Watch Plants Growing

Watch Plants Growing

Author: ChemistryViews

Monitoring plant growth is essential in agriculture for resources optimizatio and disease detection, in biology for understanding plant behavior and characteristics, and in space agriculture for sustainable food production beyond Earth. Traditional plant growth measurement methods involve labor-intensive or destructive techniques like cutting, drying, and weighing plant tissues. Conversely, camera-based plant tracking technologies often require bulky and expensive instrumentation and infrastructure.

Ying Diao, University of Illinois at Urbana-Champaign, Urbana, IL, USA, and Beckman Institute for Advanced Science and Technology, Urbana, IL, USA, and colleagues have developed a highly stretchable polymer sensor that can monitor and transmit plant growth information without human intervention. Their Stretchable-Polymer-Electronics-based Autonomous Remote Strain Sensor, or short SPEARS2, is resistant to humidity and temperature, can stretch more than 400 % while remaining attached to a plant as it grows, and transmit a wireless signal to a remote monitoring site.

The strain sensor is super light (about 45 mg), highly transparent (transmittance = 98.7 %), environmentally stable (degradation rate = 0.0008 h−1), works consistently, and exerts negligible mechanical load and therefore no observable impact on plant growth. Combined with wireless technology, it can track plant growth from a distance. This helps researchers learn, e.g., more about how plants respond to light and darkness, which is difficult to study with other methods.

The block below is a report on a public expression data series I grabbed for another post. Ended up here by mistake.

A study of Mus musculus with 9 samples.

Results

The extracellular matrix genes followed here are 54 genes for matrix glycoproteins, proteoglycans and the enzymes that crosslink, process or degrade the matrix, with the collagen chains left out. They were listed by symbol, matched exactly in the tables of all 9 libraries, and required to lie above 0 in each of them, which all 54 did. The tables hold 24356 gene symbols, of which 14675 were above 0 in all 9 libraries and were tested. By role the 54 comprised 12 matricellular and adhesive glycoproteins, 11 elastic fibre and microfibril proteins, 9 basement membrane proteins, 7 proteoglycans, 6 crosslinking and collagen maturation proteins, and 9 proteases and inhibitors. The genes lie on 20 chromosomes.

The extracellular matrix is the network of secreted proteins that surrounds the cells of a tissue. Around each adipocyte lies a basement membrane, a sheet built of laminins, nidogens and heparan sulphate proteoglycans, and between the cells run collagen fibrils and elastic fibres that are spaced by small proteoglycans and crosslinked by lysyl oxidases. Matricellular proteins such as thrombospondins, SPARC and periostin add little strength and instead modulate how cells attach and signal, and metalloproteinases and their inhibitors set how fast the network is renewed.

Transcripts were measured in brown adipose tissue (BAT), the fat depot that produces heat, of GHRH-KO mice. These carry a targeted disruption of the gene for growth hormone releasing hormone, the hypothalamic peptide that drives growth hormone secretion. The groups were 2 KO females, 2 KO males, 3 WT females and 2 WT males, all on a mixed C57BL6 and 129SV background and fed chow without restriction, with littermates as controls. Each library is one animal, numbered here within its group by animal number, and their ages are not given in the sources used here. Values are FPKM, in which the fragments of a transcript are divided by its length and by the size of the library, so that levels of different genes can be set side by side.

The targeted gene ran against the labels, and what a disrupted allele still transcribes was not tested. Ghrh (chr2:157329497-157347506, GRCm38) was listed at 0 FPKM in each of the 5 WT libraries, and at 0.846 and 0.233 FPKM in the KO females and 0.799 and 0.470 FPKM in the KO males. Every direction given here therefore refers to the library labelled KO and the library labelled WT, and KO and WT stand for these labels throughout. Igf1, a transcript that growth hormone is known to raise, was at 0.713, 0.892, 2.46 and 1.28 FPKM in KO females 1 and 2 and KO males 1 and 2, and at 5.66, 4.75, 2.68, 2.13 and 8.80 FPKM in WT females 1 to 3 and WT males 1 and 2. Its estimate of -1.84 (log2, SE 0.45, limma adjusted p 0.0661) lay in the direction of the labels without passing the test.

A sensor consists of a stretchable styrene-ethylene-butylene-styrene (SEBS) substrate, a strain-sensing film, a SEBS encapsulation layer with electrodes for electrical connection, along with silver paste, flexible silver wires, and an adhesive layer (pictured). The encapsulation layer completely encapsulates the electrode while allowing electrical contact with the sensing film and silver conductive paper.

The team used PEDOT:PSS (poly(3,4-ethylenedioxythiophene) polystyrene sulfonate), a transparent conductive polymer as the conductive matrix because of its high conductivity, transparency, and good processability. However, PEDOT:PSS’s natural stretchiness is limited to around 10 %. To increase the strain-sensing range, the researchers added the fluorinated surfactant Zonyl, along with the ionic additives 1-ethyl-3-methylimidazolium bis(trifluoromethanesulfonyl)imide (EMIM:TFSI) and lithium bis(trifluoromethanesulfonyl)imide (Li:TFSI). These additives improve substrate wetting, weaken the Coulomb interaction between PEDOT and PSS, and thus increase the size of the conductive PEDOT domains while making the PSS matrix more flexible.

So far, the resarchers have used their sensor with plants such as corn, which grow primarily upward. They aim to advance their electronics printing methodology to develop a system that can monitor upward and outward plant growth.

The study details some of the early results of a NASA grant awarded to Ying Diao to investigate how portable printed electronics can be used to enable farming in space, allowing astronauts to grow vegetables sustainably during long missions.